Sunday, November 18, 2007


As featured in www.

Jennifer ToomeyI have been thinking about pain a lot lately. Maybe it's that killer hill workout that I just finished this morning. Maybe it's all the news and commercials about miracle cures for back aches, foot pain, hip pain, and joint pain. I've been a serious athlete for 8 years. I run twice a day, I weight train, I see a massage therapist once per week and chiropractor every other week. I eat well. I sleep at least 9 hours a night and typically nap during the day. Yet, sometimes I still hurt. I don't mind the workout "lungs burning-rubbery legs-get me a barrel" kind of pain. No, I've grown to secretly crave this feeling because I know the biggest gains physically come with these two-time-aweek barn burning sessions.

The worst type of pain, by far, is that pain that prevents us (athletes) from working out. I just read an interesting article by Jane Brody about living with pain and how debilitating it can become. Back in 2004, I had first hand experience with one of those debilitating injuries. I was on a real roll early 2004. Training was going great, racing was going great. 2004 seemed like my year. I won my first national title, and then won another one in a different event. I broke an American record that was formerly held by the most notorious drug cheat in the sport and I was on my way to the World Champs. It was the most surreal experience of my life. That dream that so many people have of making an Olympic team suddenly seemed possible.

I ended up placing 4th at the World Champs, not bad for a girl who quit running as a freshman in high school and didn't return to it for more than a decade! Unfortunately, in one of the early rounds, I was tripped by a competitor and smashed my knee. I was very good at ignoring pain then, so I didn't even think about it in the next rounds or in the next couple of weeks. It wasn't until my knee became so swollen and painful that I couldn't walk up or down stairs that I was forced to stop running. I iced it so much that at one point the skin turned black from frostbite. I suppose the universe decided to punish me for quitting so early in my life and at a time when I was starting to love it the most. What a cruel lesson.

After 3 months of time off, I finally got a reluctant ok to start which was one month before the Olympic Trials. It wasn't the kind of running that gives one a lot of confidence…it was run 15-20 minutes and ice. As long as it didn't swell, I was allowed to run. I pushed the envelope. Sometimes I would run 3 times a day at what had to be close to my 5k race pace. 3 weeks before the trials I hopped into my first track race since the worlds. It didn't go well. I ran my slowest time in years for an 800m and I walked away from the track unable to hold back my tears of frustration. Time was not an ally and I soon found myself at the Olympic Trials. In my best event, the 800m, the event where months before I had been one of the best, I didn't even make it past the first round. I remember some kids coming up to me right after to ask for my autograph.I was so embarrassed from my lame performance that I asked them if they were sure they still wanted it.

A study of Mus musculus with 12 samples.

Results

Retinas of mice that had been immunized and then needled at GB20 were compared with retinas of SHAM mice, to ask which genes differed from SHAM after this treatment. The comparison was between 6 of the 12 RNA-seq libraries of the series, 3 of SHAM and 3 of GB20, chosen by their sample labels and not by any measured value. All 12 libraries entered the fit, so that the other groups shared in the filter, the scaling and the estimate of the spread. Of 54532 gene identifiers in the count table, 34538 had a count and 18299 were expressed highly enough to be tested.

I did better in the 1500 at the end of the week. I came in 2nd, running a personal best, which, as good as it seemed, wasn't good enough to go to the Olympics that year (because of rule changes for that particular year, I didn't make the team. The same set of circumstances in any other Olympic year, including the upcoming Olympic year would have placed me on the team).

The problem with injuries and chronic pain is that they seep into so many facets of our lives. That one little spot of injured tissue can set off events in the body that can cause systemic and chronic pain for weeks, months and even years. They change our whole being, For years I couldn't let my injury go. That's who I was -- Injured girl. Maybe because I couldn't let it go, I kept getting hurt over and over again in the most bizarre ways: bone spurs, stress fractures, hot spots, muscle tears, adrenal fatigue. I was completely breaking down. From what I know now about stress hormones, this isn't so surprising. I spent 3 years searching for a cure. I moved cross country, left my coach, changed my life. What I didn't realize then is that the cure wasn't 3000 miles away.

One night, depressed, unable to even run 1 mile without extreme fatigue, I called my old coach to tell him I was quitting. Instead, he convinced me to come home and give it another try, no pressure, just one step at a time. And I did. What I didn't realize in all that time was that the cure was to take some time to heal, to stay around positive people, to forgive myself for not doing well and move on. That was a couple of months ago, and now I'm running better than ever and looking forward to those 2008 Olympic Trials.